The Globe and Mail reported yesterday that inflation has slowed but food prices are still rising. This is true for many parts of the world. Here’s a round up of recent stories about food price inflation.
‘Flying with one engine’: Why global food supplies are at risk
The International Food Policy Research Institute reports analysis from the Financial Times. Although global fertilizer and crop prices have fallen sharply since their peaks last year, agriculture specialists and analysts have warned that the world’s food supplies are still under threat. Even prior to Russia’s invasion of Ukraine, global food stocks were low due to extreme weather events and pandemic-related hoarding by governments and businesses.
“Because of the low global stock situation, prices will remain volatile and could head sharply higher if a drought or significant weather event emerges this spring,” said Joseph Glauber, a senior research fellow at the International Food Policy Research Institute. “Food inflation as measured by the food consumer price index remains in double digits in most areas of the world. I expect food CPI (Consumer Price Index) to decline as overall inflation abates, but it will come down slowly,” said Glauber.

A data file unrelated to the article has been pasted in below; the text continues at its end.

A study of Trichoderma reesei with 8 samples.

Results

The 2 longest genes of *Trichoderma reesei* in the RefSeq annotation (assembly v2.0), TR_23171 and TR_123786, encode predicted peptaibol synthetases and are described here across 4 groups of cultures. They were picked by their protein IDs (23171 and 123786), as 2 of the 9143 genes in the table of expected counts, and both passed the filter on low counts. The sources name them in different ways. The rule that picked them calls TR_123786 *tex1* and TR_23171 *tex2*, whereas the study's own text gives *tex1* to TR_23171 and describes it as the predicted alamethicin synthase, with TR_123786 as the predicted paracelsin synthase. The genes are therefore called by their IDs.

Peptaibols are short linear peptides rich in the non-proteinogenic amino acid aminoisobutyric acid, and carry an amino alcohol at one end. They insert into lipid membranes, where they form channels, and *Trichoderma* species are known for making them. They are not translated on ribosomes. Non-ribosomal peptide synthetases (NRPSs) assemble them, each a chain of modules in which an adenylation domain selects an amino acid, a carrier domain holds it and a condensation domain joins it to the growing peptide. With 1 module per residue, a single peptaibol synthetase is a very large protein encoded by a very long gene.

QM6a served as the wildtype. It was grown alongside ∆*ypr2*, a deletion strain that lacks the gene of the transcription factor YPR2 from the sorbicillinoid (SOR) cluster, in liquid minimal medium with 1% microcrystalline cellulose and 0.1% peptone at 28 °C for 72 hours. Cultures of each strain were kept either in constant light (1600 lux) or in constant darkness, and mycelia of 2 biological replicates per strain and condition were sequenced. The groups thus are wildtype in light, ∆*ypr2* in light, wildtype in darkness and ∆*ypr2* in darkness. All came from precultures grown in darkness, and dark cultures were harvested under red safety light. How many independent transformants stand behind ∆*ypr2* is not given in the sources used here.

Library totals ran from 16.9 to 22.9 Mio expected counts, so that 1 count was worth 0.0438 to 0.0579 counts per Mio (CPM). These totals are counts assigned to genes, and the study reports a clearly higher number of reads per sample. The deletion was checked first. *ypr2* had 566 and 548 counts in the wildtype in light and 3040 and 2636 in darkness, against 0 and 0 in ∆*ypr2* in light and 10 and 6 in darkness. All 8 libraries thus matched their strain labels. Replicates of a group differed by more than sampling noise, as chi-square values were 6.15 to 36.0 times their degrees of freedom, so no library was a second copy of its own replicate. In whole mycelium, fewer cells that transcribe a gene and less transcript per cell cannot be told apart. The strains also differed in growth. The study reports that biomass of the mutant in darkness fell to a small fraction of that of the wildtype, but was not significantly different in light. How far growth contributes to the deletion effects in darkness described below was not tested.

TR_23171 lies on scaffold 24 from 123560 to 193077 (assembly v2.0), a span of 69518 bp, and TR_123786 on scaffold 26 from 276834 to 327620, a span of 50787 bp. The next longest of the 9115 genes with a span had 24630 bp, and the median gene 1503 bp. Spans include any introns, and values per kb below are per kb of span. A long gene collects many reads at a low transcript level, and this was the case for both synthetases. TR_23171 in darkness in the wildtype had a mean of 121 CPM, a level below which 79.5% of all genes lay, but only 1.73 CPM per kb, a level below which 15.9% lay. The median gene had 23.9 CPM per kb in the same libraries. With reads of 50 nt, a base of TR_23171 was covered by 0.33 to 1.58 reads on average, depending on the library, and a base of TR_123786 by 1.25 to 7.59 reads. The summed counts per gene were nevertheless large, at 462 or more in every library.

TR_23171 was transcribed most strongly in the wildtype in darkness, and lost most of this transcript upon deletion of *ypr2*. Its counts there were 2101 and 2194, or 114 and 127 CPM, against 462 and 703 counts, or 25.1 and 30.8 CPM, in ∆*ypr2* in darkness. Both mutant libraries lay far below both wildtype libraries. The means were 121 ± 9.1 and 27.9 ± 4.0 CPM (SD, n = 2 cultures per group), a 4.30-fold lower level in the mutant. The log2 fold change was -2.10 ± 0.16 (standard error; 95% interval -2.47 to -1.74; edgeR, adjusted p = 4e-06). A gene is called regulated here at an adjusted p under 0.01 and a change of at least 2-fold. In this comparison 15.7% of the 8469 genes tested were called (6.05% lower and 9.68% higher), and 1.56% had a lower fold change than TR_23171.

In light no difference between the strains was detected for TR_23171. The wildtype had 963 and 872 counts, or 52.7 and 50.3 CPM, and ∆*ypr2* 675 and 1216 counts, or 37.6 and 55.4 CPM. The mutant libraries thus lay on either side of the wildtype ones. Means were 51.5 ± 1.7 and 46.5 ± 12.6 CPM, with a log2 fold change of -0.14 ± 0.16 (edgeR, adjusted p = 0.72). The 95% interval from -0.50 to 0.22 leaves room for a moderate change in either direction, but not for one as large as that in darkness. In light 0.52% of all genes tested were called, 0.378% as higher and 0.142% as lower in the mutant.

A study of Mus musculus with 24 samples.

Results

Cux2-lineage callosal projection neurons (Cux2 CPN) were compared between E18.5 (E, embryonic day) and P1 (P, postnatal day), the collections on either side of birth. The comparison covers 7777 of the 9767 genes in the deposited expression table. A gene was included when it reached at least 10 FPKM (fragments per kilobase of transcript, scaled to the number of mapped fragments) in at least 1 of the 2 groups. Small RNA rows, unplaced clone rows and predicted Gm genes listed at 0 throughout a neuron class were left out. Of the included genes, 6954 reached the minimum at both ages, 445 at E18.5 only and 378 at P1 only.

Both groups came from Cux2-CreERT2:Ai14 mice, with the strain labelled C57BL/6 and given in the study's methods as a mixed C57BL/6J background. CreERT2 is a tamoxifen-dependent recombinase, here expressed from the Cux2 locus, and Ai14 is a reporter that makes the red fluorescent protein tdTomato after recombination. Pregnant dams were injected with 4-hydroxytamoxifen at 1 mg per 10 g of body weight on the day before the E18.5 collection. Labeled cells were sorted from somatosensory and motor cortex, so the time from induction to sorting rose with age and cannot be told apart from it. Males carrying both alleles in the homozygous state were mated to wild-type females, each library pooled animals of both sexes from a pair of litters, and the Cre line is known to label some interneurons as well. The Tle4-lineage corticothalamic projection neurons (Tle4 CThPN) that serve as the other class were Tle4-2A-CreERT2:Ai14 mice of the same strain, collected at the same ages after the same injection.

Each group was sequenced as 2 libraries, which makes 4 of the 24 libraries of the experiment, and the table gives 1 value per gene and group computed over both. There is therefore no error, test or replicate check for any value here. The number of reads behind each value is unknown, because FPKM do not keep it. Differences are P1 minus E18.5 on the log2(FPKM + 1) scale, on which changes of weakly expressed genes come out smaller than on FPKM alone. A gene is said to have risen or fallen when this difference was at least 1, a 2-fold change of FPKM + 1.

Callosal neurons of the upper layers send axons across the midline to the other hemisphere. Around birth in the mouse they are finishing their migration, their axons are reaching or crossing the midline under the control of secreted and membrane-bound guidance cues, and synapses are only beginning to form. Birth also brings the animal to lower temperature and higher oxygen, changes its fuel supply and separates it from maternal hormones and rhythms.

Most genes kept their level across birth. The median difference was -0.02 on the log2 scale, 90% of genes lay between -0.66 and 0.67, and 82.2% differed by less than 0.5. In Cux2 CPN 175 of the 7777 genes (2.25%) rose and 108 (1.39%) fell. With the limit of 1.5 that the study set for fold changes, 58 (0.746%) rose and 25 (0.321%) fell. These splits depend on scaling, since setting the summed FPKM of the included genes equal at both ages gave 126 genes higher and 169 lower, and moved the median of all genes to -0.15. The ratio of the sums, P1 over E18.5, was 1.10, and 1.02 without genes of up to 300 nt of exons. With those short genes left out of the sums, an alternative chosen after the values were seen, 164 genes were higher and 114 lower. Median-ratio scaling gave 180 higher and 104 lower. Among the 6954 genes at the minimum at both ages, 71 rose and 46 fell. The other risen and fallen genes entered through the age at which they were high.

See also: Global economy 2023: why there will still be plenty of pressure on food prices in the year ahead
The implications of continued food price hikes could be devastating for poor people and those in developing countries. See: Further food price rises could cause up to one million additional deaths in 2023
4 replies on “Food Price Inflation”
Seems that large food corporations are benefitting from high food prices, but not the farmers.
Sadly that is often the case. High food prices are another good argument for growing more of our own food.
Yes it is. Just Food Ottawa and their Community Gardening Network are doing amazing work, but more is needed.